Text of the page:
Tuesday, July 14, 2009


Issey Miyake is a clean palette in fashion's hyper trend-driven world. His designs are calming in such an organic way, without reaching for their end result. It's as if calm is their natural state. If they aren't light and transparent as the atmosphere, his sculpted garments appear to have protective, cocoonlike qualities.

In a poignant Op-Ed piece recently published in The New York Times, Miyake shed some light on why his clothing is the way it is. In his piece he speaks openly and honestly for the first time in a public forum about being a witness to, and survivor of, the atomic bomb dropped on Hiroshima by The United States in 1945. As a boy of seven that day Miyake saw things "no one should ever experience: a bright red light, the black cloud soon after, people running in every direction trying desperately to escape". He sees them still--every time he closes his eyes. He lost his mother to the blast. Her health failed within three years of the bomb.

Miyake attributes his reluctance to share his Hiroshima experience before now largely to his life long desire to focus on the beautiful things that are possible through creativity, rather than the things that were so devastatingly destroyed right before his eyes. His clothing is his salvation, his healing and his way to prove that beauty and peace can outlast, or rather act as a salve for the scars of so much indigestible violence. Sometimes design (especially in the realm of fashion) is perceived as something other than art, something less than. But, when seen as an expression of someone's healing, or their communication of such a humane state as serenity, it is remarkable in its ability to express ideas that go well beyond form and function.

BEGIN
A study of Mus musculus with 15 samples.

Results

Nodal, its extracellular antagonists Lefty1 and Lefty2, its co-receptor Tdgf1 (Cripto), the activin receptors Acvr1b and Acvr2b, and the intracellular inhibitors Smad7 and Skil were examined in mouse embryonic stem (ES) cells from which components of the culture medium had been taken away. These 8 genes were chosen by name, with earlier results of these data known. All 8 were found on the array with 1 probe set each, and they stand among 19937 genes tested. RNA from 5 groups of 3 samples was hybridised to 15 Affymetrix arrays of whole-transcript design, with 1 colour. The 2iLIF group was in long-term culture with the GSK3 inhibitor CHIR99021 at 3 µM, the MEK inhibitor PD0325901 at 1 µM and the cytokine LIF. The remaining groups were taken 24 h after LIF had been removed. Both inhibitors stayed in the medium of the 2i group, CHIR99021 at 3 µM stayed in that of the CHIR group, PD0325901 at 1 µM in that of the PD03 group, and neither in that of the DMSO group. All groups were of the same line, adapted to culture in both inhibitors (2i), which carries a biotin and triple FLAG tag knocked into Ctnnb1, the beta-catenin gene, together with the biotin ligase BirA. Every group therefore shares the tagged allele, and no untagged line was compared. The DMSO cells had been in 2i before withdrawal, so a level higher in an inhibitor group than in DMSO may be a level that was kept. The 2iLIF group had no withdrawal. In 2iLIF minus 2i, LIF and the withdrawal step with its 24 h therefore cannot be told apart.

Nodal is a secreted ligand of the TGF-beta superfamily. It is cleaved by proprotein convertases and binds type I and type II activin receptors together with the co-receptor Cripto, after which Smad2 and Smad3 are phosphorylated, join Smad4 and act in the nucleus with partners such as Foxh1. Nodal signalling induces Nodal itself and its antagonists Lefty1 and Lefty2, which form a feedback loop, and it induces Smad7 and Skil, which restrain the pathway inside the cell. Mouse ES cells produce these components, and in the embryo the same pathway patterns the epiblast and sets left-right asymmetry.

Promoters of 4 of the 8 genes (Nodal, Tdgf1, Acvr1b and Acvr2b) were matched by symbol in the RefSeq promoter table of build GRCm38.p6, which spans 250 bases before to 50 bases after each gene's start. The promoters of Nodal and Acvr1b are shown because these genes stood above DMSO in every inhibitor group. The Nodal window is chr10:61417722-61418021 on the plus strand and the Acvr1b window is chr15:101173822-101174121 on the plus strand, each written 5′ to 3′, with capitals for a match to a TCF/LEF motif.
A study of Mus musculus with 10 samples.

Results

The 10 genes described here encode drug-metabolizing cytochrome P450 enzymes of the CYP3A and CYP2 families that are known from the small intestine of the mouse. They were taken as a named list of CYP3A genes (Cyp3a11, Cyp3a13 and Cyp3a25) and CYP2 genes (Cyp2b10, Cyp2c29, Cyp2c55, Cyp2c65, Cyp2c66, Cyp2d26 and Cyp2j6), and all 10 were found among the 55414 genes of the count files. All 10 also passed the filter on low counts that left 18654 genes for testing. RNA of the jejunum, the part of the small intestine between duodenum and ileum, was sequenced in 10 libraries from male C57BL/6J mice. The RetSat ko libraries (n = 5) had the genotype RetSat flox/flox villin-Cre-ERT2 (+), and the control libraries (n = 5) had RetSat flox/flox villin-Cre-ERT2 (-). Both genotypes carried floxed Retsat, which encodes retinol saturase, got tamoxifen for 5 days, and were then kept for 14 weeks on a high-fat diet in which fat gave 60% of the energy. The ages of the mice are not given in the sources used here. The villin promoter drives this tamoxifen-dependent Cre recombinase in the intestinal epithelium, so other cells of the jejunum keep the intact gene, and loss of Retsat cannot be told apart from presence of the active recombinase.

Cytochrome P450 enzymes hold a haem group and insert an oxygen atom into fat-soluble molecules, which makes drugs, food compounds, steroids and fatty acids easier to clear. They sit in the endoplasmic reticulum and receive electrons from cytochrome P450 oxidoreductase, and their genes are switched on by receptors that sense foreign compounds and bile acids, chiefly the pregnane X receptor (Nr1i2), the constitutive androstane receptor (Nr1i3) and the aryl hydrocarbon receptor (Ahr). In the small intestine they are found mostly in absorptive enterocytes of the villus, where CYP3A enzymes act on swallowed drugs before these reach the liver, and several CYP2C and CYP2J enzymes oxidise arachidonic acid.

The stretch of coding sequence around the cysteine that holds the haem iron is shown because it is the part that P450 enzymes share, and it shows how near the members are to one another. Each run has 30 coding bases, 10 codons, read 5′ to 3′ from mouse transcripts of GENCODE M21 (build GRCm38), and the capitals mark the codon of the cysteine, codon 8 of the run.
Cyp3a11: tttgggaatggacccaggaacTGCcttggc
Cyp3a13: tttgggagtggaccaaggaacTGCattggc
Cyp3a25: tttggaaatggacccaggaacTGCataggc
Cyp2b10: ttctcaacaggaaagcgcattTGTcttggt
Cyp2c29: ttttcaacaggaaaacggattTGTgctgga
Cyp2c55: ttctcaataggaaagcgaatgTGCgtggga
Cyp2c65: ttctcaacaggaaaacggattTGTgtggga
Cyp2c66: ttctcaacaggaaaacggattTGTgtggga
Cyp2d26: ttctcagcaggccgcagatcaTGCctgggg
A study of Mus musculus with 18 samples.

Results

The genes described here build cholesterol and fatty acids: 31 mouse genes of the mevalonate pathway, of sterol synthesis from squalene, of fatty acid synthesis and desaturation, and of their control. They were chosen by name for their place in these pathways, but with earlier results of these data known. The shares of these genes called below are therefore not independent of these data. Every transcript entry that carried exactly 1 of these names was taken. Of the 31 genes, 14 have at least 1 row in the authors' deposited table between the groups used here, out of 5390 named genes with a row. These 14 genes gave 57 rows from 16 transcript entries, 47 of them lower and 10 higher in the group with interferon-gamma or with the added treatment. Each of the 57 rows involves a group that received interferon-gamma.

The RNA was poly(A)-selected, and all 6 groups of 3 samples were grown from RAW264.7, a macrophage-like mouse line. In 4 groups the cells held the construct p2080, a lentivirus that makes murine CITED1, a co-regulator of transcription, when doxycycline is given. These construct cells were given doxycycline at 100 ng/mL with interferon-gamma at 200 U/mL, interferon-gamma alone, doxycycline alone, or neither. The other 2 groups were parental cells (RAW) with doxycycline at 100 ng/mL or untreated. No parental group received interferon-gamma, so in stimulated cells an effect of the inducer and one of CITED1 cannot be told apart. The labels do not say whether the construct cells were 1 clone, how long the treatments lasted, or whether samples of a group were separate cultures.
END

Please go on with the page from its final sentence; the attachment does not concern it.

Miyake's formula for healing unimaginable hurt has brought decades of beauty to store shelves and closets and the backs of people attending special events. That may seem trite to some, but to me it is a bold example of the transformative quality of pretty things. Next time you doubt the place of beauty (be it fashion, sculpture, painting, etc.) in today's financially strapped, bare bones, material world, think of how you feel when you see something visually pleasing. Do you feel like destroying? Or, do you feel like creating? It always makes me want to breathe deeper, to be more present, more thankful. Maybe that's just me? Hope not.

Miyake's Op-Ed piece was written with the hopes of enticing President Obama to participate in Japan's observance of Universal Peace Day so that he can take a step "toward creating a world that knows no fear of nuclear threat." While I think it will take a lot more than a ceremonial photo op of Obama crossing a peace bridge to bring actual peace, who knows? Sometimes pleasing visuals have a transformative quality.

To read the article in full, please click here. All images are property of their respective owners. Please click image for source information.